By John Page Williams

Photos by Shutterstock

If you stop boating when the weather gets cold, make sure you put your boat and motor to bed well. Not doing so can mean that come spring, pulling your rig out of storage can bring frustration ranging from hard starting all the way to serious, expensive damage. Winterizing is important for any outboard, but it’s especially important for a modern four-stroke. To get some straight answers, we talked with Roger Smith, the Mercury Master Tech and Yamaha tech and shop foreman at Chesapeake Boat Basin in Kilmarnock. Here are fifteen tips from that conversation and from general knowledge:

  1. First, consider having a brand-certified mechanic go over your whole rig, especially if your outboard(s) is a fuel-injected four-stroke. These complex machines require the same sort of proprietary analytical software as our cars and trucks. The days of the shade-tree mechanic are over.
  2. “Get that bad fuel out of there.” Smith means the engine itself. His standard operating procedure is to run an engine he’s winterizing, even a small one, with aviation gas (available from local airports), or CAM2 racing fuel, both of which stay fresh much longer than regular pump gas (even that without ethanol). “It’s cheaper than a new fuel system,” he said. Mix the winter gas with two-stroke oil (1 pint/6 gallons) to coat the cylinder walls to prevent oxidation and lubricate the insides of the injectors. If need be, buy a three-gallon fuel tank with hose to hold the mixture and feed the engine(s). Run them until all the old fuel is gone, 20 minutes or more, on a flushing hose or at a boat ramp.
  3. Don’t put in any additives. If the engine is an older two-stroke, fog the carburetor(s) with the manufacturer’s recommended spray.
  4. For the fuel tank, “pump it bone dry and start fresh next season or fill it all the way up,” said Smith. If you fill it, stabilize it, preferably with your engine manufacturer’s product. Be sure to mix it correctly—no more, no less.
  5. Change the crankcase oil and gearcase lube. Follow your engine’s owner’s manual.
  6. While you’re on the gearcase, remove the propeller. Check the shaft for fishing line, which can damage the seal at its base. Smear the shaft with a thin coat of the manufacturer’s waterproof grease.
  7. If your propeller blades are bent or nicked, and if the hub is old, consider sending it off for reconditioning. Your tech will be able to recommend a precision shop.
  8. If you run your boat in salt water and/or shallow, murky water with lots of sand and mud, have your tech change the water pump and the thermostat every year (more cheap insurance). If you can afford it, have the tech pull the lower unit every year, even if you always run in fresh water. A bad cooling system will fry your engine, especially if you run ethanol-laced fuel in season.
  9. If the engine has grease fittings around the mounting bracket and lower unit, grease ‘em. Ditto the cable steering system. Once every three weeks over the winter, go out and turn the steering wheel. Check hydraulic systems, e.g., steering and power trim/tilt. Add fluid if necessary (see owner’s manual).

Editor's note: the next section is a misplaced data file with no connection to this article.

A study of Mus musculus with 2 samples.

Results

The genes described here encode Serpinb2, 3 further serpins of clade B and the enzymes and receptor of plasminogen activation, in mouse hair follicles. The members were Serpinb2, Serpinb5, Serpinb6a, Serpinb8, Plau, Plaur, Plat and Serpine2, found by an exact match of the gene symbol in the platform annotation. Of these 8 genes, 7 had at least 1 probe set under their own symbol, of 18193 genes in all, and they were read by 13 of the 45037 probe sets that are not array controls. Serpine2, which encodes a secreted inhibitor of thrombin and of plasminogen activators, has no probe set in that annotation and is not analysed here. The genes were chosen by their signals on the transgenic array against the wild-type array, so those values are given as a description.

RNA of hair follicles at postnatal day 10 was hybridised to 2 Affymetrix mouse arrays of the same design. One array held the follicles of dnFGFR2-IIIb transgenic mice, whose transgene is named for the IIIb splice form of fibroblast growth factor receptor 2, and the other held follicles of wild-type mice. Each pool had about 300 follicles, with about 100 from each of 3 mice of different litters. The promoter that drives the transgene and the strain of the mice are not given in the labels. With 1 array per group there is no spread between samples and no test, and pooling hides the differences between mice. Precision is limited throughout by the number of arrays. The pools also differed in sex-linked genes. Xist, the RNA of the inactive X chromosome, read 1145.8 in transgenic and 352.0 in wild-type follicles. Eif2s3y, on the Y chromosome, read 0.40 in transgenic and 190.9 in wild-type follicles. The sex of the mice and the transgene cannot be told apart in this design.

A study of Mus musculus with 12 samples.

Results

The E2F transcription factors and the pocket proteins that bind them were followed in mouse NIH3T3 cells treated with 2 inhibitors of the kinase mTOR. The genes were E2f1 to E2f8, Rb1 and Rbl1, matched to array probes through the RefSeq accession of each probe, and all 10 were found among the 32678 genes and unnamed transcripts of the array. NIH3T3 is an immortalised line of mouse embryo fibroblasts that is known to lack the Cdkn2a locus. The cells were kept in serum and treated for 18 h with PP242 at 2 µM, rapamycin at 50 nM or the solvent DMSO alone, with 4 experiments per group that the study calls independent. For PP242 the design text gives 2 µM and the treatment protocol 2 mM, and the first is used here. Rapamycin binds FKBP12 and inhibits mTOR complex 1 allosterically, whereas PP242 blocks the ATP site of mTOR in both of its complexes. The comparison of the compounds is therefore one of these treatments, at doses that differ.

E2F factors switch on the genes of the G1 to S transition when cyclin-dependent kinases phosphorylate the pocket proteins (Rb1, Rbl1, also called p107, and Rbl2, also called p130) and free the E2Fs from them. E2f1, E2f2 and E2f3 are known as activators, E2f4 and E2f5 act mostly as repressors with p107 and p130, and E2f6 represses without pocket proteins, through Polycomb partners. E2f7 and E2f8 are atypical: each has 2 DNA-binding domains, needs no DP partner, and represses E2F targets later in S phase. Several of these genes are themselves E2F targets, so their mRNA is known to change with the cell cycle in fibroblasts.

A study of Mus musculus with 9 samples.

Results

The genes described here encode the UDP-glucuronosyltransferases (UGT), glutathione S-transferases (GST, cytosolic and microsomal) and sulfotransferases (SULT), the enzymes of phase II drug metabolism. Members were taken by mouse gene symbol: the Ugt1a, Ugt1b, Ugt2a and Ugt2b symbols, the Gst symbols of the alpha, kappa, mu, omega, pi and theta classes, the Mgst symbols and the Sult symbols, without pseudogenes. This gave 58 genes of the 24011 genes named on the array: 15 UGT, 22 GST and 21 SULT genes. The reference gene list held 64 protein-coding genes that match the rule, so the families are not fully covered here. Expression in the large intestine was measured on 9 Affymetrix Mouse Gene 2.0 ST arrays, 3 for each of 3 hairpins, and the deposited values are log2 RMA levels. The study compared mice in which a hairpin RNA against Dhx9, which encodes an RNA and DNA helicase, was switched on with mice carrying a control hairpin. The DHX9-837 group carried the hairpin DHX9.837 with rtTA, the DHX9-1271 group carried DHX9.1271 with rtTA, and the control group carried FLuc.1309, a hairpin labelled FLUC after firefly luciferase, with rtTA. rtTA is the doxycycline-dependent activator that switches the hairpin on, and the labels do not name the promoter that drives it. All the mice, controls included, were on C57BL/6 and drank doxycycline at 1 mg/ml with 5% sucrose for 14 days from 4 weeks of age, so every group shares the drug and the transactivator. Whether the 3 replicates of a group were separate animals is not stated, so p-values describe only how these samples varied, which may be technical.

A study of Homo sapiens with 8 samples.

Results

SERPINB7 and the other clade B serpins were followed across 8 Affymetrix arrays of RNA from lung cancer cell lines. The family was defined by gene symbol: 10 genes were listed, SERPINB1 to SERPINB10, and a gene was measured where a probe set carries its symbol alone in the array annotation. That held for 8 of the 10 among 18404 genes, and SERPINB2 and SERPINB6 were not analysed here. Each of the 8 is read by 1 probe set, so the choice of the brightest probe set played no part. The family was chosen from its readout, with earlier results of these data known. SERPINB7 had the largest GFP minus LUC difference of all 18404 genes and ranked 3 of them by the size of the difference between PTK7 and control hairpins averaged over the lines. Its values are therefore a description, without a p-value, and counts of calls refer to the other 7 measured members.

10. Flush the cooling system. Smith uses a barrel of mildly soapy water. Wash the motor and coat its whole exterior with a water-dispersing spray. The spray is especially good for the engine’s hood and its brand decals. With the hood off, spray the powerhead, but if it’s a four-stroke with an exposed timing belt, absolutely avoid getting the spray anywhere near the belt. He also cautions that if there’s any chance for mud daubers to build nests inside, put a pair of mothballs under the hood.
  11. Visually check everything on the boat, motor, and trailer, especially wiring, control cables, and battery cables. Have them repaired as necessary. Drain plumbing systems like livewells to prevent freeze damage. Tilt the engine down to drain all water from the cooling system and propeller hub.
  12. Charge the batteries (fill first if they need water), disconnect the cables, and turn off all switches.
  13. Fill the trailer tires and spare to spec with air. Check the lights and repair as necessary. Consider jacking up the trailer and placing blocks securely under the axle(s) to relieve pressure on the tires. Spray them with a protective coating. Wire-brush and paint any nicks on the frame. If it’s galvanized, brush, dust, and spray with cold-galvanizing paint. Replace winch and tie-down straps as necessary.
  14. Store the boat under cover, but make sure there is air circulating through it to avoid mildew and mold, just as you would a house.
  15. Check the boat periodically over the winter, especially after heavy wind, rain, or snow. We’ll have a commissioning checklist for you in the spring.

John Page Williams is a noted writer, angler, educator, naturalist, and conservationist. In more than 40 years at the Chesapeake Bay Foundation, Virginia native John Page championed the Bay’s causes and educated countless people about its history and biology.